CHILDLESS couples waiting to discover if their fertility treatment will be funded on the NHS will have to meet a set of new guidelines.

Cash-strapped East Lancashire Health Authority bosses have provisionally agreed to endorse the same eligibility criteria used by the IVF Unit at the Central Manchester NHS Trust.

The guidelines say:

Couples will be accepted if they have a history of stable heterosexual cohabitation of at least three years.

Couples will be accepted if the female is less than the age of 40 at the time of treatment and her partner less than 50.

There should be a maximum of three cycles of treatment and a "two embryo" policy to reduce the incidence of multiple births.

Couples with a child living with them from the current or previous relationship, or an adopted child, will not be accepted.

The health authority is expected to contact each of the couples individually to inform them if they are eligible for treatment. Public health director Dr Stephen Morton said two thirds of East Lancashire couples were currently sent to the Manchester trust for fertility treatment in any case.

Frank Clifford, chairman of Burnley, Pendle and Rossendale Community Health Council, said: "It is an absolute certainty that these decisions are cash-considered and not judged on clinical effectiveness."

He called for any decision to be delayed for a month for talks to take place with health watchdogs and GPs.

Richard Crail, health authority chief executive, said: "We are not against consultation, but I think we can do the two things together.

"We cannot just carry on. We have got to do something. We have been playing around with this for 18 months."

Non-executive member Elizabeth Howarth said: "We are thinking about 40 couples who have been sitting on a knife-edge for some time."

FOR many it is their only hope of a child.

But that distant dream has suddenly turned to a nightmare for East Lancashire's childless. Forty couples have been left in limbo by East Lancashire Health Authority's decision to suspend sending patients for fertility treatment. It is also a shattering blow to others who had been contemplating going down the traumatic road to IVF and other treatment.

And there are many whose treatment has already begun who don't know if it will continue to be paid for by the NHS.

They include Joanne and Simon - not their real names - who have been trying for a child for several years and who have already undergone one unsuccessful cycle of IVF treatment.

Their frustration and anger was evident as they spoke of their plight to the Lancashire Evening Telegraph.

"This decision is something that more and more young couples will be affected by in the future. There appears to have been a complete mismanagement of this area of healthcare for some years," said Simon, 26.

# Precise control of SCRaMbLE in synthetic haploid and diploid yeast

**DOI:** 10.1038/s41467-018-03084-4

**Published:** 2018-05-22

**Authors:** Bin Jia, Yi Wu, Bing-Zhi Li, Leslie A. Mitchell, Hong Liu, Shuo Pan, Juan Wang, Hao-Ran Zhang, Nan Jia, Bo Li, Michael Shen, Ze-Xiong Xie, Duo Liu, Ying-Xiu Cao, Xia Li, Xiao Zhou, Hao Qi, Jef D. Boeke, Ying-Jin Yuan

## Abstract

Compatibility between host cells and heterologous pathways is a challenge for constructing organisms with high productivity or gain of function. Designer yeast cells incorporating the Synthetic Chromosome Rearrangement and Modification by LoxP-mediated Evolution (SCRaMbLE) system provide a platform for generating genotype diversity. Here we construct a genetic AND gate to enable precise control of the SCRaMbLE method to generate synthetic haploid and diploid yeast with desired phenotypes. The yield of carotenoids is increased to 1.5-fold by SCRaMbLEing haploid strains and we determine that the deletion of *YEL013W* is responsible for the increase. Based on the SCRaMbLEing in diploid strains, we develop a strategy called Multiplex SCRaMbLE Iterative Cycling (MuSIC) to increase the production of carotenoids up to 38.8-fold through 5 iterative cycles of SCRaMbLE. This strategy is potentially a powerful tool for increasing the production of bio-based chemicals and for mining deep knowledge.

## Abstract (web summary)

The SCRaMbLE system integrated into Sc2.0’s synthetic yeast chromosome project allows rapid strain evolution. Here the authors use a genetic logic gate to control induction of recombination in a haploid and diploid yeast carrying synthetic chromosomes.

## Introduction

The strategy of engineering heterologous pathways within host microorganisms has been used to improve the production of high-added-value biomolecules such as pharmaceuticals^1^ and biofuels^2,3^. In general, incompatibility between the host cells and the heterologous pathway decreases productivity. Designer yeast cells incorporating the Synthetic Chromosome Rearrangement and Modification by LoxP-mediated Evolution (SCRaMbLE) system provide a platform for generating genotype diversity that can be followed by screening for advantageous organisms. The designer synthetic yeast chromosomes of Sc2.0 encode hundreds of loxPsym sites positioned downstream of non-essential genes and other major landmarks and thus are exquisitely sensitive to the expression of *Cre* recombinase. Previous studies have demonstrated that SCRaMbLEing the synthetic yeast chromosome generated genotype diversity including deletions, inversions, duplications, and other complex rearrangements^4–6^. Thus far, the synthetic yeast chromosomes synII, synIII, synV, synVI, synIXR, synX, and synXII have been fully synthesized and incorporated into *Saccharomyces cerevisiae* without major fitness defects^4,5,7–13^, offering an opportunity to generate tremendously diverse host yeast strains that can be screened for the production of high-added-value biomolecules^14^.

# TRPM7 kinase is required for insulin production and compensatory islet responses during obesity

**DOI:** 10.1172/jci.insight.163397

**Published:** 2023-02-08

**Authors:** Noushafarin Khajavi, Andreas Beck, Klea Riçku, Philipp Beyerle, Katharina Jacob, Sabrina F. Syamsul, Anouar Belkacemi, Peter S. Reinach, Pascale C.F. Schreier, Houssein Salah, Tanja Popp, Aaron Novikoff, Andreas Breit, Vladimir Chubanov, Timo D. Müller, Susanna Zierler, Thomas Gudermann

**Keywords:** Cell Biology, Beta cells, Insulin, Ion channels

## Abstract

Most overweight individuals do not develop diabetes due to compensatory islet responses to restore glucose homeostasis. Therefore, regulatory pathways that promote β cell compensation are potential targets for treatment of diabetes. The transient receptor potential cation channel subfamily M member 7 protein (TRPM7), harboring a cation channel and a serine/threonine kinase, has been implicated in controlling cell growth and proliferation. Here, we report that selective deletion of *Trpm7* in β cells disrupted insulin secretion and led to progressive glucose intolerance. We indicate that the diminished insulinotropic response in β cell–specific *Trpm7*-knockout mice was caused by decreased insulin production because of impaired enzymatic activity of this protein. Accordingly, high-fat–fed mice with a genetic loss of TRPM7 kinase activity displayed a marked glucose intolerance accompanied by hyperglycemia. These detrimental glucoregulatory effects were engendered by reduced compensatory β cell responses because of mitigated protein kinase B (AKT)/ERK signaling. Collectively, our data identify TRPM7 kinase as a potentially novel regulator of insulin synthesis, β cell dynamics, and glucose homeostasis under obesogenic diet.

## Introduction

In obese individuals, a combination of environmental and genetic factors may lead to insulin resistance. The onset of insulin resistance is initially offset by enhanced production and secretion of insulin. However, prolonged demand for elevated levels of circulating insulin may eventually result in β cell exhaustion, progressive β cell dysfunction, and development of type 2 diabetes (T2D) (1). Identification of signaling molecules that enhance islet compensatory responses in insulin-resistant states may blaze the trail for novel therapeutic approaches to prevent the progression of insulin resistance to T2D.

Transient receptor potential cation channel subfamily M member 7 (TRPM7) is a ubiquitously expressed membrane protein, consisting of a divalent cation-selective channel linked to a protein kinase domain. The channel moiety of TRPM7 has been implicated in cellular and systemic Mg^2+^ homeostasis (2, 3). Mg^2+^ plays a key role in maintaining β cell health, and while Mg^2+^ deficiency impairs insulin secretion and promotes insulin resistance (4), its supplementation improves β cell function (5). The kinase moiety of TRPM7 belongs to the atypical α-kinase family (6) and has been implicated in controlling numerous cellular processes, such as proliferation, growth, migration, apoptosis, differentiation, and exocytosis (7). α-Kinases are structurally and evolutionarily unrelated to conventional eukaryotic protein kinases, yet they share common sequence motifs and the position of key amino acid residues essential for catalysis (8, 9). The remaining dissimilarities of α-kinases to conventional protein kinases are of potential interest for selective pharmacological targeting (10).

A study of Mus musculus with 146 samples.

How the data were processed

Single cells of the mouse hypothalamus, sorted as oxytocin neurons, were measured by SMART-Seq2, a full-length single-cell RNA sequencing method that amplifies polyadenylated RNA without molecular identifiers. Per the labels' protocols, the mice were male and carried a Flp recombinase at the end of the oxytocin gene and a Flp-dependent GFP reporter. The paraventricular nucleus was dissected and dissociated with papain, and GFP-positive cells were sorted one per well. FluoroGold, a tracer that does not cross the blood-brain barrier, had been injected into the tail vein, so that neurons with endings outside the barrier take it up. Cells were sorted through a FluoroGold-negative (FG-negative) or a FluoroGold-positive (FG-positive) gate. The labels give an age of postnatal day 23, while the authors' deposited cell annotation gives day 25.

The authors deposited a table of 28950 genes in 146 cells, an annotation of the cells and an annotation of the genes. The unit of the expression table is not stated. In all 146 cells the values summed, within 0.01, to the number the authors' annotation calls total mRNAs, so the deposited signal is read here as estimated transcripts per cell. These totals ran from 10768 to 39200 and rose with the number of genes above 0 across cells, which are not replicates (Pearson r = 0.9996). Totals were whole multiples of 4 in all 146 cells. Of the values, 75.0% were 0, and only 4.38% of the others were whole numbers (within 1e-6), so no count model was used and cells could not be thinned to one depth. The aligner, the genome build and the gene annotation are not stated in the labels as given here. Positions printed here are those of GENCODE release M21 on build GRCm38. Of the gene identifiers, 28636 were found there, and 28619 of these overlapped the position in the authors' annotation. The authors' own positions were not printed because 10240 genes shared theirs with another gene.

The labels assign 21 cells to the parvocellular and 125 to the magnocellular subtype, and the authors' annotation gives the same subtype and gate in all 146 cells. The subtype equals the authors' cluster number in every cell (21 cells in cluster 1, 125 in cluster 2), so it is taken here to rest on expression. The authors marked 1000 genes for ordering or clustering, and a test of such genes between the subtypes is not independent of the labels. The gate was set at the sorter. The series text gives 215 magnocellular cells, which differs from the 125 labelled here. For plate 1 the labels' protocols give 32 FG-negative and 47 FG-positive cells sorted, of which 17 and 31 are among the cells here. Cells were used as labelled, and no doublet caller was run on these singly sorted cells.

"We were referred for treatment (after a considerable wait to see a consultant in Blackburn) in November 1995, yet we had to wait until April 1996 for sufficient funds to be made available by East Lancashire Health Authority for us to have treatment. "At that time, we were happy that the health authority was funding our treatment and from our conversation with other couples from around the country it appeared that we were extremely lucky in this regard.

"We thought that the fact that we had received funding was as a result of having a health authority which was concerned about providing infertility treatment, but it appears that it was as a result of a health authority which had no control over spending and was limited to providing little more than 30 days of treatment a year before its funds ran out.

"This whole situation is brought about by the underfunding of the NHS by the Tories and the lack of priority given to such treatment by the health authorities - a situation which despite recent promises to increase spending 'year on year' we cannot believe will get any better.

"Indeed, as the problem of infertility increases so will the need to provide a proper solution to the funding crisis.

"Having set criteria for couples wanting treatment the situation may well be resolved for some, yet for others it will no doubt be one of the most devastating pieces of news in their lives - unless they are able to provide many thousands of pounds to pay for treatment themselves." His 30-year-old wife added: "Waiting to discover if our treatment will be funded is more stressful than the treatment itself.

"To go private we would need to borrow £10,000 to pay for three cycles of treatment.